Finally, British businesses are moving beyond their reliance on legacy technologies. The digital revolution has moved so far, that sitting back is no longer an option: across the land, companies are investing in digital transformation, and because adoption and understanding throughout the workforce are crucial, HR departments are playing a central role. The new breed of digital worker must not be hemmed in by a lack of information.
David Barrett recently highlighted the HR steps required to ensure a seamless digital revolution within a large organisation: training leaders and staff; recruiting digitally knowledgeable talent and building a culture open to change and modern best practice are just as important as actually acquiring and installing technology. The overarching objective of modern digital practice is that it allows a bespoke, tailored approach by departments, workers and customers: this requires that everyone participates to make it work.
What is also needed is a healthy approach to information sharing, and many organisations face barriers to that. These barriers can be cultural, and they can also relate to the technology available.
Why we must share data
There is a growing realisation that the entire information ecosystem within an organisation has to support the greater demands of its internal and external customers. We know information is valuable, but its potential can only be released if it is available to all departments.
In today’s marketplace, the ability of a business to compete is effectively defined by the performance efficiency of knowledge processes and intellectual capital. Attracting and facilitating the right people and expertise makes all the difference, but however digitally capable, entrepreneurial and creative your staff are, they will only be able to operate within the parameters defined by the knowledge available to them.
Often, the vagaries of the knowledge economy mean that you don’t know what you need to know, until someone has used that information to improve a product, fine tune a service or deliver superior customer service performance. These are the actions that in today’s marketplace add up to success or failure – in any industry. Therefore, everything must be shared.
Open is safer than closed
Mention data security in the current climate and people immediately think of firewalls, European data regulations, and the need to protect personal information. But while it is certainly important that organisations treat data with respect and care, the technology is available to do this. Indeed, data is arguably far safer in a system that allows access but provides transparency into who is viewing what, than in an organisation where information sits forgotten within departments, in silos that a core function, such as HR, cannot monitor.
HR departments in particular, at the very heart of the organisation and responsible for the most sensitive personal data, face a nightmare scenario if information about employees cannot easily be accessed across the organisation, and instead is allowed to become fragmented and unreliable.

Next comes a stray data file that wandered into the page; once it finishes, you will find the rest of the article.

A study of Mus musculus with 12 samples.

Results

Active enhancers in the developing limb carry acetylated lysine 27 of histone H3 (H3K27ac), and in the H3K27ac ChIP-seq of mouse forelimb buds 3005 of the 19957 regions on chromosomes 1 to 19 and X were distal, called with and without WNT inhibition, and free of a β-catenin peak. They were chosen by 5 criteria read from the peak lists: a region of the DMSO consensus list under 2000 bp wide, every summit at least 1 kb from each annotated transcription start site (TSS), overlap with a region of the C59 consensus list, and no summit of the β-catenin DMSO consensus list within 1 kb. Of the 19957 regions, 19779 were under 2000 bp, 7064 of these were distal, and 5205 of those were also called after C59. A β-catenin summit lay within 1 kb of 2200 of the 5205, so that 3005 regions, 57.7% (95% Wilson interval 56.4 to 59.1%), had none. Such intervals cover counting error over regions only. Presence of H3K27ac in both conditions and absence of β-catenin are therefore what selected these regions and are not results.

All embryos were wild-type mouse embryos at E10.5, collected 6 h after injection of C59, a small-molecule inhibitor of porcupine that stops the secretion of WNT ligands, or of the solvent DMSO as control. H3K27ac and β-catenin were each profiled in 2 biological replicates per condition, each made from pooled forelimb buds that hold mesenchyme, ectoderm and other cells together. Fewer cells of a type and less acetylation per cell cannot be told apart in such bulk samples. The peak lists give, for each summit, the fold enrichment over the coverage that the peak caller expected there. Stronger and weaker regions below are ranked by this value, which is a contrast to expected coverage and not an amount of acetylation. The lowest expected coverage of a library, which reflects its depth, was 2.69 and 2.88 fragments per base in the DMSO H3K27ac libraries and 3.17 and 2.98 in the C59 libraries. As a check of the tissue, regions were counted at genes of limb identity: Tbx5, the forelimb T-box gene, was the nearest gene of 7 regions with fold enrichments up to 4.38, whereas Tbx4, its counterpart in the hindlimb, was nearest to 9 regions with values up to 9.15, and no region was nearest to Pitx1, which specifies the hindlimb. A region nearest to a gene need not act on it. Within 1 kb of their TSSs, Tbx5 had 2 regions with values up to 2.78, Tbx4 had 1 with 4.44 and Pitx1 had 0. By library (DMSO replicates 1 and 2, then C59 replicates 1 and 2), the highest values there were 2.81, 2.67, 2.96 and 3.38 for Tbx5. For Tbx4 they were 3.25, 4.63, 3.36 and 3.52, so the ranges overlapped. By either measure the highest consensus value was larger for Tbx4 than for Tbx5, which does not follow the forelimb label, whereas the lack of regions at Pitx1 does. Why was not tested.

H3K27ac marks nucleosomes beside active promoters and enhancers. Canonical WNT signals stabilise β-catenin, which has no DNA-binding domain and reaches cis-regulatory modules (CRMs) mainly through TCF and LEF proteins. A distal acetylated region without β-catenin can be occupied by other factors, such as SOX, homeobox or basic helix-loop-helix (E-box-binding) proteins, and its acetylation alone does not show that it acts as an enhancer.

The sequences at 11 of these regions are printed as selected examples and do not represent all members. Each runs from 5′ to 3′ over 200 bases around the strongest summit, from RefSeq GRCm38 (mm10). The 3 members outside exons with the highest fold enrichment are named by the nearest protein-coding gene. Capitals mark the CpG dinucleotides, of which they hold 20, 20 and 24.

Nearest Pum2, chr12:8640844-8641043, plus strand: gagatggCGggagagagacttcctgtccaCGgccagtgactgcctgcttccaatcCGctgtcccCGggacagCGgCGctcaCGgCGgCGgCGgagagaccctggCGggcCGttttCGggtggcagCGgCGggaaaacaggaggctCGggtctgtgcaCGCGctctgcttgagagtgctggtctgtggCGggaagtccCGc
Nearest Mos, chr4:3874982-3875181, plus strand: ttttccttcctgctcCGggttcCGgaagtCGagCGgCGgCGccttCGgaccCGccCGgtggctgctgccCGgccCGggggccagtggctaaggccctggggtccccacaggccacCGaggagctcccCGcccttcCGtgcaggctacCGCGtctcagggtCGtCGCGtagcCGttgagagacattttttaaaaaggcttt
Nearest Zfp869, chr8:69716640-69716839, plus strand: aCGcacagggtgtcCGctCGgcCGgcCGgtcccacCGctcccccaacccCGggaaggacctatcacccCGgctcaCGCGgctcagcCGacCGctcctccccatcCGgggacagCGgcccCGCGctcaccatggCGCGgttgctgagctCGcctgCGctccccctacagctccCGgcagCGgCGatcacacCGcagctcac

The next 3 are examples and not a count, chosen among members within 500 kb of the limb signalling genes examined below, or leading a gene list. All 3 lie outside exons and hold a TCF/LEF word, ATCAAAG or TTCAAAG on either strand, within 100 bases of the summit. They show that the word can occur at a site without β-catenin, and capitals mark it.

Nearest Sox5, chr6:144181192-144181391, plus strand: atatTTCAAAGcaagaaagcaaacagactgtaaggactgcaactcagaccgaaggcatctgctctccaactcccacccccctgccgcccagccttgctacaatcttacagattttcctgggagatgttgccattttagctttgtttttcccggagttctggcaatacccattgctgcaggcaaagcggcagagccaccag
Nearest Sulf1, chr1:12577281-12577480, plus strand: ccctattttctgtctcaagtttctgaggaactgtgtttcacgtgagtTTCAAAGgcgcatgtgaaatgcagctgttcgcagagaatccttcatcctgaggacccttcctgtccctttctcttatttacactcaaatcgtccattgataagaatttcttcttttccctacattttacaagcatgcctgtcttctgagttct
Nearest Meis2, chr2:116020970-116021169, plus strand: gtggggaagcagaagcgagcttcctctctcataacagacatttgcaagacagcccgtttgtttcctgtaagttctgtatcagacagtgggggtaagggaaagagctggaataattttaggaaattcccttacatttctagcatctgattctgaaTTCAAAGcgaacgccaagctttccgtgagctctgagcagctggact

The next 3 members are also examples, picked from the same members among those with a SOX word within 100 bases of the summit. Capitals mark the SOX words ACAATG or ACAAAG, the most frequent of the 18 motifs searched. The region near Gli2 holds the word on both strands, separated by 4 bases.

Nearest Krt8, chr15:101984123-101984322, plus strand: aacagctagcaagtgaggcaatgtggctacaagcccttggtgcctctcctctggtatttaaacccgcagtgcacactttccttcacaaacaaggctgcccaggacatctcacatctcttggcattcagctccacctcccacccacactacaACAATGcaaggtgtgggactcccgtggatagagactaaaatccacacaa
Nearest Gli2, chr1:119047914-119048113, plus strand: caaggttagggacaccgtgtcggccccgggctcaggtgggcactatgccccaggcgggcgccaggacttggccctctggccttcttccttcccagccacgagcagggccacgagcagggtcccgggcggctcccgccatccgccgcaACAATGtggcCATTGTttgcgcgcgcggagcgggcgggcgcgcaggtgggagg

Therefore, information as well as access need to be safeguarded.
How to safeguard access to data
From a cultural point of view, leaders must acknowledge that digitisation alone will not enhance information flow, innovation and productivity unless there is a clear enterprise strategy to ensure information is made available and can be freely exchanged. Without this, data fragmentation is likely to accelerate, creating further challenges to aggregating, connecting and managing the flow of digital content.
Technologically, it is important to ensure that any IT acquired on a departmental level – as is now commonplace – be compatible with the systems put in place for sharing. One approach is to encourage departments to first seek a solution to any IT need they have from one of a family of trusted providers. This ’friends and family’ approach encourages supplier firms to work together on inter-operability and connectivity issues, and to adapt their own products, where necessary, to ensure a solution that is both bespoke and easily integrated into a wider corporate system.
However, even institutions that use this approach end up running hundreds of applications. It is essential to link those data repositories and ensure that they are accessible to all potential users, securely and with suitable oversight. This can be accomplished with an enterprise information hub: a unified information platform, which facilitates an end-to-end view of the organisation’s entire ecosystem.
Far from representing a security risk, such a hub is an important step towards meeting data obligations and safeguarding employee details, by allowing secure access to individuals with suitable permissions, on an enterprise-wide basis.
Such a system enables access to all data from any given point, to those with the prerequisite access rights. It therefore falls within the HR remit to constantly monitor and adapt those protocols, so that the twin goals of data security and data-driven service and innovation can be met.